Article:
Unsurprisingly, North Dakota will not attempt to offer online sports betting and casinos statewide through a tribal compact.
That was what the tribes in the state had proposed. However, there were several good reasons to doubt Governor Doug Burgum would agree. For one thing, it’s a conservative state, and last year’s online poker bill received a very chilly reception in the legislature. There’s also opposition from charitable gaming organizations in the state, which feel the availability of online gambling would cause residents to lose interest in their products.
Perhaps most importantly, the proposal probably wasn’t legal to begin with; just ask Florida. It attempted to initiate statewide online sports betting that way in order to avoid the need for a referendum. However, it’s now enmired in a legal battle with the federal government, which disagrees with the idea that bets can be considered to take place on a reservation just because that’s where the servers are.
Gov. Burgum acknowledged that this was the greatest concern:
While we understand and appreciate the desire by some of the tribes to extend online gaming beyond their reservation boundaries, a clear legal path does not exist for the governor to grant such a broad expansion of gaming in the compact.
That said, the tribes did get quite a lot out of the new compact. They can now accept credit and debit cards for gambling, which they weren’t previously able to do. The legal gambling age for tribal gaming also got lowered from 21 to 19, which matches some other states like Michigan.
Most interestingly, they did get the right to offer online sports betting and mobile gaming on their own land.
Will ND Tribes Bother With On-Reservation Online Gambling?
That’s a far cry from statewide online gambling. North Dakotans still won’t be able to bet at home while watching a game on TV. Unless, of course, they happen to be a tribe member themselves, living on a reservation.
Nor is it likely to be a big money maker. Although North Dakotans without tribal status could drive to a reservation to bet online, few will do so. Anyone making that trip is more likely to want to go into the casino than to sit in a parking lot playing on their phone.
Revenue reports from Connecticut hint at just how little to expect from this channel. They separate on- and off-reservation revenue for the two CT online casinos. In September, their combined on-reservation revenue was under $100,000, compared to about $24 million from off-reservation play.
Connecticut also has almost four times the population of North Dakota. That suggests that the monthly revenue from on-reservation mobile betting and gaming would be in the tens of thousands. Finding a technology partner for that sum would be difficult, as the revenue probably wouldn’t even pay for the costs of offering it.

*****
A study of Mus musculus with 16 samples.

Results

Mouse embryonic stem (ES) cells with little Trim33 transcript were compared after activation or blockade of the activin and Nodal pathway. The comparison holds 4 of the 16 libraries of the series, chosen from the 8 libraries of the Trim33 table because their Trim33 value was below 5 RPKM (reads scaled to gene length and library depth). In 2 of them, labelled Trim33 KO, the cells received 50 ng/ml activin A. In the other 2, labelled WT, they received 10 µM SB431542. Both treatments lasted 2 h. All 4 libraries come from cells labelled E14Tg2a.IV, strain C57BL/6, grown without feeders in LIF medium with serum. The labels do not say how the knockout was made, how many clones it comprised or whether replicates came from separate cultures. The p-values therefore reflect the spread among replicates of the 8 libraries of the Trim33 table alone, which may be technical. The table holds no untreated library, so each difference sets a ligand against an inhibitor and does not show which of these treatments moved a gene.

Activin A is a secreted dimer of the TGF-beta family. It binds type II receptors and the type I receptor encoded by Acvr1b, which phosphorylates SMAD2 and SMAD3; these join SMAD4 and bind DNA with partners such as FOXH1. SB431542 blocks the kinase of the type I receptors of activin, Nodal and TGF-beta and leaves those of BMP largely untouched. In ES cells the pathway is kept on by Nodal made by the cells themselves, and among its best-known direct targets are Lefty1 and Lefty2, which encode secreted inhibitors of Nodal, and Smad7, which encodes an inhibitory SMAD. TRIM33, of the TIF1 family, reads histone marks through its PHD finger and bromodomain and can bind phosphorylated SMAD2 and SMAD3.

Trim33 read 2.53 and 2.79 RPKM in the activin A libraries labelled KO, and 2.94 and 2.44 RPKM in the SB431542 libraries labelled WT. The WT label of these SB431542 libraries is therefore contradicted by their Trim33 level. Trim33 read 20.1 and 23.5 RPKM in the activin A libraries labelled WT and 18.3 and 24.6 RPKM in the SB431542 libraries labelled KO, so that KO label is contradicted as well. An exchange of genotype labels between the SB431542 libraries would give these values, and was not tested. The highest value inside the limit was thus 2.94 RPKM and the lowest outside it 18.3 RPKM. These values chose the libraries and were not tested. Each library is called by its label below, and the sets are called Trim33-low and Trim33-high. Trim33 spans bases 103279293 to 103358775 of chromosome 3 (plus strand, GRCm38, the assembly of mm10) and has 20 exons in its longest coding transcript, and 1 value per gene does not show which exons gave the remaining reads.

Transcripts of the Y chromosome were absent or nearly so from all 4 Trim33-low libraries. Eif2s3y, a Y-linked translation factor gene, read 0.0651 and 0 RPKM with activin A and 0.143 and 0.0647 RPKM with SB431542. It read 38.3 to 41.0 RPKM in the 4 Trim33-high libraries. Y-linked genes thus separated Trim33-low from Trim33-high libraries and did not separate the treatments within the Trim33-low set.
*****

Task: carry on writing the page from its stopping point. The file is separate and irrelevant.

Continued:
An Unexpectedly Positive Tone
That said, it might be worth it for the tribes to try. It could be a bit more popular than in Connecticut because of the lack of availability of an off-reservation option. More importantly, however, it would establish a precedent.
North Dakotans who try it might ask for a law to make it legal statewide. Opponents who find the concept scary might find it less so once it already exists and hasn’t caused a crisis.
Possibly the most interesting thing about the ND government’s announcement is how positive Gov. Burgum sounds about the prospect of gambling expansion in the near future:
We plan to work with the Legislature to bring all parties to the table and take a comprehensive look at gaming during the upcoming 2023 session, including sports betting, e-tabs and other gaming.
Perhaps something similar to Connecticut’s deal could come out of those negotiations. The Nutmeg State had been stuck in a stalemate on sports betting for years until Gov. Ned Lamont softened on the idea of online casinos. That proved to be the bargaining chip that persuaded the Mashantucket Pequot and Mohegan tribes to share sports betting with the lottery.
Maybe in North Dakota, the solution will be to allow some form of charitable sports betting in return for the tribes getting to extend their online products beyond their reservation borders.